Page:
4 Facts About Chip Credit Cards You Should Know

Innovation is increasing, making modern technology antiquated. What was once a staple for quick and easy payment is now getting a face-lift.  That’s right, the credit card as we know it is dying and its replacement comes with added security.

The U.S. payment industry is shifting to the new chip and dip credit card technology in an effort to make in-person purchases safer. If you were recently issued a new credit or debit card, chances are it is a chip card. With the new card, you’ll insert it into a terminal slot in a “dipping” motion. The data then flows between the card chip and the issuing financial institution to verify the card’s legitimacy. This is the game changing technology that makes it difficult for anyone but the rightful owner to use the card, and protects against the creation of counterfeit cards.

Long used in Europe and other regions to help reduce credit card fraud, chip technology is finally receiving widespread adoption across the U.S. In fact, for American businesses that don’t offer chip-enabled credit and debit card transactions after October 2015, liability for any resulting credit card fraud will fall to the business-owner instead of the bank. Here are 4 facts about the new card technology that can help new users adapt to the way they complete transactions

Fact 1:  You won’t know whether a store accepts EMV cards. Several retailers have already begun the process of upgrading their systems and equipment to prepare for chip credit cards but some card owners may find that smaller businesses do not have the updated technology to accept this form of payment. If you are ever in doubt consider swiping your standard card first.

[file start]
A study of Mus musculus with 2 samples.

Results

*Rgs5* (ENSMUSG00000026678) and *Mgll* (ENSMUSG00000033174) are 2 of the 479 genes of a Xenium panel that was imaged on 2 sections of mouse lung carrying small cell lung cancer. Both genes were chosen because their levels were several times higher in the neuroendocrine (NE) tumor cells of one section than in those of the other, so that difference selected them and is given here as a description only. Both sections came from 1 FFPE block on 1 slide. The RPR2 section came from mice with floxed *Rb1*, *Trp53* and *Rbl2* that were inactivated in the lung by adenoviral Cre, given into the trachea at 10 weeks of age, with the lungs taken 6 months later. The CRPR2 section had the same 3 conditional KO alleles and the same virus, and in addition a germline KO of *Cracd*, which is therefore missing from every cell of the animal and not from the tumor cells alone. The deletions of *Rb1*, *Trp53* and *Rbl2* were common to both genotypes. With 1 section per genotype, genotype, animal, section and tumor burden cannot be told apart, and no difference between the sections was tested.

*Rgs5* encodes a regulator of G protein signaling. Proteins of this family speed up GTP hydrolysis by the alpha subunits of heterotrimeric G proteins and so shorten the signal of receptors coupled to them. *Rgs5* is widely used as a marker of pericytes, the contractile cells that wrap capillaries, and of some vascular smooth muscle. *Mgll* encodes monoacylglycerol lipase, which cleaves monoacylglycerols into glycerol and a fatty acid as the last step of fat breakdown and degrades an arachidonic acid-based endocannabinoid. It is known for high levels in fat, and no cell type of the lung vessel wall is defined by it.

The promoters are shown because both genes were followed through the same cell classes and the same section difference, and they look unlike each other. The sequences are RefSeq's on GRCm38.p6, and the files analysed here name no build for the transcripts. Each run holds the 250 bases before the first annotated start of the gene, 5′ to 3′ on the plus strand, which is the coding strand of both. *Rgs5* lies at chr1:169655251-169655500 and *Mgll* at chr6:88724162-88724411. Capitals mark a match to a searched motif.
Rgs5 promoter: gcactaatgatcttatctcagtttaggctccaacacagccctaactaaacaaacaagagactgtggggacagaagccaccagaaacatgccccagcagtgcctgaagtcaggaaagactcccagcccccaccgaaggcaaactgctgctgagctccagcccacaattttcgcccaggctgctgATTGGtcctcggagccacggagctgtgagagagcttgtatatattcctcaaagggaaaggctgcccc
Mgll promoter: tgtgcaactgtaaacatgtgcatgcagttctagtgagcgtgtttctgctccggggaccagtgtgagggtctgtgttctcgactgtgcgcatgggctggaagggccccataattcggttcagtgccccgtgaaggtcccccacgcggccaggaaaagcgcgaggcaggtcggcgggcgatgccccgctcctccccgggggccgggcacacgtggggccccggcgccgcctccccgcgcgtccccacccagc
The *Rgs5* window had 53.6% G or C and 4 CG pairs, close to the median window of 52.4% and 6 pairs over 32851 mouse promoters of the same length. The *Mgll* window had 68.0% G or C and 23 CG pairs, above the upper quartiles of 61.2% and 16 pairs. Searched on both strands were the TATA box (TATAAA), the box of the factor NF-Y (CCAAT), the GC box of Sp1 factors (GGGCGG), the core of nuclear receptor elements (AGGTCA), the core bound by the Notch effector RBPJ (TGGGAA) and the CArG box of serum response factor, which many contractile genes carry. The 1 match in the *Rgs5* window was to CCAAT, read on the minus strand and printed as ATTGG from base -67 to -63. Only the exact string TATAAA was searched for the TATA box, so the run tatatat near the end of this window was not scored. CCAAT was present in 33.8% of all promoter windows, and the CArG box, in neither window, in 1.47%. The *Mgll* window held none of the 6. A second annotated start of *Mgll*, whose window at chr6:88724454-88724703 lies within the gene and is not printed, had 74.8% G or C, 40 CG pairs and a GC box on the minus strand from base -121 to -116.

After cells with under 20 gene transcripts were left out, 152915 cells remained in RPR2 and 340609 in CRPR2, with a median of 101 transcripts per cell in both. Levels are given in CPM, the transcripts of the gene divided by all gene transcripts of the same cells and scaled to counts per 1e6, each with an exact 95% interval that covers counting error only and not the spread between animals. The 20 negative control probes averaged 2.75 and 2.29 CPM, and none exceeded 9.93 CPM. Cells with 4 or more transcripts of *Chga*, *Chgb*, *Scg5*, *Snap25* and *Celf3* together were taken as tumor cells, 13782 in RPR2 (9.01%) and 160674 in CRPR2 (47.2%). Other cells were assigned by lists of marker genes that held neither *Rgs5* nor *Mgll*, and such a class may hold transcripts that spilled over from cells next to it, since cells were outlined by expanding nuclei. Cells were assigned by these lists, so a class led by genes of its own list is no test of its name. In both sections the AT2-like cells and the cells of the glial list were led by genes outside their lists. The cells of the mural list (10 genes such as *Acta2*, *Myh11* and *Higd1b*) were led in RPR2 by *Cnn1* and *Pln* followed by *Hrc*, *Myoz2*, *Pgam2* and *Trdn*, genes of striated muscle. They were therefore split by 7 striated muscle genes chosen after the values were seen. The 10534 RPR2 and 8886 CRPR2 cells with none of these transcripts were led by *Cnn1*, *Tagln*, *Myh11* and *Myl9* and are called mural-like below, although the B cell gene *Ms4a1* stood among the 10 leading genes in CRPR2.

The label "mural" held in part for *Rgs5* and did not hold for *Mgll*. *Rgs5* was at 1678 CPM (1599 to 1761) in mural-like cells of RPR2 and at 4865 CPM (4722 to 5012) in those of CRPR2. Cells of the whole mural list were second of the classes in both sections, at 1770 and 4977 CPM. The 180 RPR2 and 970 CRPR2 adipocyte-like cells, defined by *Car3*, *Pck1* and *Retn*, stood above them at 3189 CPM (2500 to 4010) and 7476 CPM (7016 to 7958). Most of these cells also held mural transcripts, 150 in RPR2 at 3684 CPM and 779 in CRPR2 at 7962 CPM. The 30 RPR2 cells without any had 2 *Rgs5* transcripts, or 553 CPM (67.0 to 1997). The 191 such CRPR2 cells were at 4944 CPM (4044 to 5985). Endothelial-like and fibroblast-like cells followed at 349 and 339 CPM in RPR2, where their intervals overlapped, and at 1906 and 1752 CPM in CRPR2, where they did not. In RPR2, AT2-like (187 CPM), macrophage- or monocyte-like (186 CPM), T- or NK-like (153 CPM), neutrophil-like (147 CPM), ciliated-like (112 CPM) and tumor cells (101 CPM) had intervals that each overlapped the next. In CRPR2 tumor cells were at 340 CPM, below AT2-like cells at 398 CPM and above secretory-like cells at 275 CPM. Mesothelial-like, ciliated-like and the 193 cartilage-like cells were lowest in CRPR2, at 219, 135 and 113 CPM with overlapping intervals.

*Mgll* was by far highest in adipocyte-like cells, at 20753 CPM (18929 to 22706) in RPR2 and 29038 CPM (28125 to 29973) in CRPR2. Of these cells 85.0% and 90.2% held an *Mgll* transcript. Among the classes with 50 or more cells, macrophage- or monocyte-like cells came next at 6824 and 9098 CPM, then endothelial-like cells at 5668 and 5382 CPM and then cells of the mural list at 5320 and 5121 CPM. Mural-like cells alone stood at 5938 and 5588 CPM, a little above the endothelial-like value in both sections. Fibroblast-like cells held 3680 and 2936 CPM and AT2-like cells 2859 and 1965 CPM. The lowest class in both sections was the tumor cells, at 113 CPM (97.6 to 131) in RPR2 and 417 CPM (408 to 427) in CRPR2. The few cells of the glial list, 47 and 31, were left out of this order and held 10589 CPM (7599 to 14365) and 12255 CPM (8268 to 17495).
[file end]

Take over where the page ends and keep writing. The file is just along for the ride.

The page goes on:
Fact 2: Chip-enabled cards, or Euro-pay, MasterCard, and Visa (EMV) cards are nearly identical to the standard magnetic stripe credit card, but are encrypted with a small computer chip rather than a magnetic stripe. A small, metallic square on the front of the card contains the same information as traditional magnetic-stripe cards, such as name, card number and expiration date. However, with chip technology, each transaction generates unique, dynamic data.

Fact 3: The process is a bit longer than with a traditional credit or bankcard. Most consumers are used to swiping their cards immediately after a purchase or while items are still being totaled. That is not an option with EMV cards. The card can only be read after the items have all been added and a total is given. A consumer must then allow the card to be read for a short period of time. This allows the chip and the network to communicate. Once communication is complete, the purchase is made.

Fact 4: While the transaction takes more time than a basic swipe, the increased security benefits are expected to be worth it. However, smart-chips will not entirely eliminate credit card fraud. You’ll still need to monitor your credit card accounts and credit score regularly to protect your identity.

It will take time for all retailers to offer chip-enabled terminals. Additionally, not all credit card providers have delivered the new cards to customers.

Many experts believe that this new technology will greatly reduce the risk of fraud and help consumers with their financial future. Speak with your financial planner to discuss whether the chip card is right for you.




“8 FAQs about EMV Credit Cards.” CreditCardscom News. N.p., n.d. Web.


“New Chip Credit Cards Are Supposed to Help Prevent Fraud.” WFLA. N.p., 21 Sept. 2015. Web.


“Switch to Chip Credit Cards Kicks in.” CNBC. N.p., 01 Oct. 2015. Web.


The content is developed from sources believed to be providing accurate information. The information in this material is not intended as tax or legal advice. It may not be used for the purpose of avoiding any federal tax penalties. Please consult legal or tax professionals for specific information regarding your individual situation. This material was developed and produced by FMG Suite to provide information on a topic that may be of interest. FMG, LLC, is not affiliated with the named broker-dealer, state- or SEC-registered investment advisory firm. The opinions expressed and material provided are for general information, and should not be considered a solicitation for the purchase or sale of any security. Copyright 2015 FMG Suite.